Tuesday, September 20, 2011

The Psalmist

We learned about King David last week a bit.  While last week we focused on covenants, this week we'll look at the poetry attributed to King David.  If you are looking for the Bible's Hymnal, look no further than the Psalms.  Although we may not know the tunes, these poems were to be SUNG!  They were an important part of worship, something people knew!  

In Friday's post, I asked a trivia question.  Several of you had heard it from me--but the answer is twice that I can find.  1) With the disciples at the last supper (See Mark 14:26).  They probably sang Psalm 114-118, the hymns for Passover.  2) On the cross.  If someone said, "Amazing Grace how sweet the sound", we would look at them like they were crazy.  We automatically SING those words.  In the same way, when Jesus quoted Psalm 22 in Mark 15:34, he probably sang it!  More, he probably sang the WHOLE THING.

So, lets look at Psalm 22.  

Here's this week's suggested Methodology:

1) Pray--God of Light--Open our eyes to your truths.  Show us your vision.  Let us see with your eyes.  Let us remove all distractions and focus instead on your word.  We know you are speaking, let us listen and hear.  Amen
2)  Read the Psalm Through twice.
3) Take notes on what jumps out at you, and then put it down!
4) Come back to it later, and answer these questions!

The Questions!

1) What in this Psalm jumps out at you?  
2) If you were a Jew at the cross when Jesus was singing this, what would you be thinking?
3) What clearly doesn't point to Jesus?
4) What points to Jesus?
5) What else needs to be said?

Looking forward to this!

Pastor Emily 


Lynne Watts said...

Many things in this psalm relate to the crucifixion, the many references to suffering, garments being divided by lots, pierced hands and feet etc. Some things don't seem relevant especially the references to the wild animals. Reading it today though I really was caught by the ending verses... given the extreme suffering in the beginning, it is amazing the positive note that it ends on. Not only does the person suffering praise and honor God, but the whole world will ultimately do so. In a way this is also reflective of the crucifixion. Christ suffered so that the whole world could be reconciled. I especially like the last verse: They (posterity) will proclaim his righteousness to a people yet unborn for he has done it... I must say, imagining Jesus singing this has put a whole new spin on this for me. Thank you Emily!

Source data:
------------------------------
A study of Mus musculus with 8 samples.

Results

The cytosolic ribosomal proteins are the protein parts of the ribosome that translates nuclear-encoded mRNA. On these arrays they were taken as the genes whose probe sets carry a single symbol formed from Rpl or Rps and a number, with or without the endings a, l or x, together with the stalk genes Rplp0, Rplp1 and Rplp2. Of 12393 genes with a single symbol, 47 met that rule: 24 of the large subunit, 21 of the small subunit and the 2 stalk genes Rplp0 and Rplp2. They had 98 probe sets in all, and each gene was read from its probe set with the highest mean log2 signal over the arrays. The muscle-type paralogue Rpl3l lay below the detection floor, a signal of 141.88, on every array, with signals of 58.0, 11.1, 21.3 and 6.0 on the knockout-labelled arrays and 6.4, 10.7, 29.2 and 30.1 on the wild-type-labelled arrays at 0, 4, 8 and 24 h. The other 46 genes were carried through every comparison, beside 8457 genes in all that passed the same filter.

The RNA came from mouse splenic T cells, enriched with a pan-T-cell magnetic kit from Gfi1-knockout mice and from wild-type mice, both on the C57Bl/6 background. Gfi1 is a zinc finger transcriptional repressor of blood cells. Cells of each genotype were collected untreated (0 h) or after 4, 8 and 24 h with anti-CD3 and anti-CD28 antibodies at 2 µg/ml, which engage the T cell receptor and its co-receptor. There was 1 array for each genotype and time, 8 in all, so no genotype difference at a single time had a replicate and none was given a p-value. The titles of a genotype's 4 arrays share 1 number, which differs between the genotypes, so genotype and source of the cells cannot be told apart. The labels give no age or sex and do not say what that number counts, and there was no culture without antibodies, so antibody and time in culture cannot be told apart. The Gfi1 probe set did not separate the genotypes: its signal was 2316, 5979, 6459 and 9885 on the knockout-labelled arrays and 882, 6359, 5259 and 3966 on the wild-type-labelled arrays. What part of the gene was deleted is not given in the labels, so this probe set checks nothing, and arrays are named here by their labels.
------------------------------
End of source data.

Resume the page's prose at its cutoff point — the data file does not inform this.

Martha J. M. Orlando said...

The "He has done it" reminds me of "It is finished". Verses 27-31, I believe, are referring directly to Jesus coming into the world to save us, descending to the dead to reconcile them with God, and ruling all the nations for generations to come.
And, like Lynne, I so appreciate the imagery of Jesus singing!

Lindsay said...

On my first times reading this, the imagery of Jesus jumped out at me... the pain, piecing of his body, casting lots for his clothing, and the calling out to God. With this in mind, I interpreted the wild animals to be those insulting him as they walked by him on the cross and those mocking him... tearing apart their prey as they watched him die. Matthew 27:39 (Those who passed by hurled insults at him, shaking their heads) is almost exactly as Psalm 22:7 reads. This all takes me to Good Friday.

As Lynne points out, there is so much praising in this psalm, and that jumped out to me the more I read through it. While searching youtube for a video of this being sung, I found this clip... http://www.youtube.com/watch?v=gO2oajaiUck (it's only part of the scripture)... and then I saw the praising and relying on God that develops through the psalm:

You aren't answering my cries... but you are God, enthroned whom my ancestors trusted. I am being made fun of and criticized for believing in you... but you created me to be yours. I am physically falling apart and in so much pain... but I will praise you and declare the greatness of your name. Although you seemed so far away God, you have listened to my cry and all who believe will live forever!

The pain the Jesus endured that stuck out at first, makes me cry. I cannot even fathom the pain He endured on that cross. But the praise in this psalm reminds me why he died, so that my heart can live forever, so that I can bow down before my God, so that I can tell the future generations about my God... indeed, God has not forsaken us, but he is near!

Mary said...

Jesus, all-knowing God, knew this song before it was written. He heard it as a child, sang it as a young man, all the time knowing it was his future. Being God he knew what it meant and what happened afterwards and being human he must have had strong feelings about it all. So much love God has for us, for me! I am the posterity that will serve him and tell future generations about the Lord.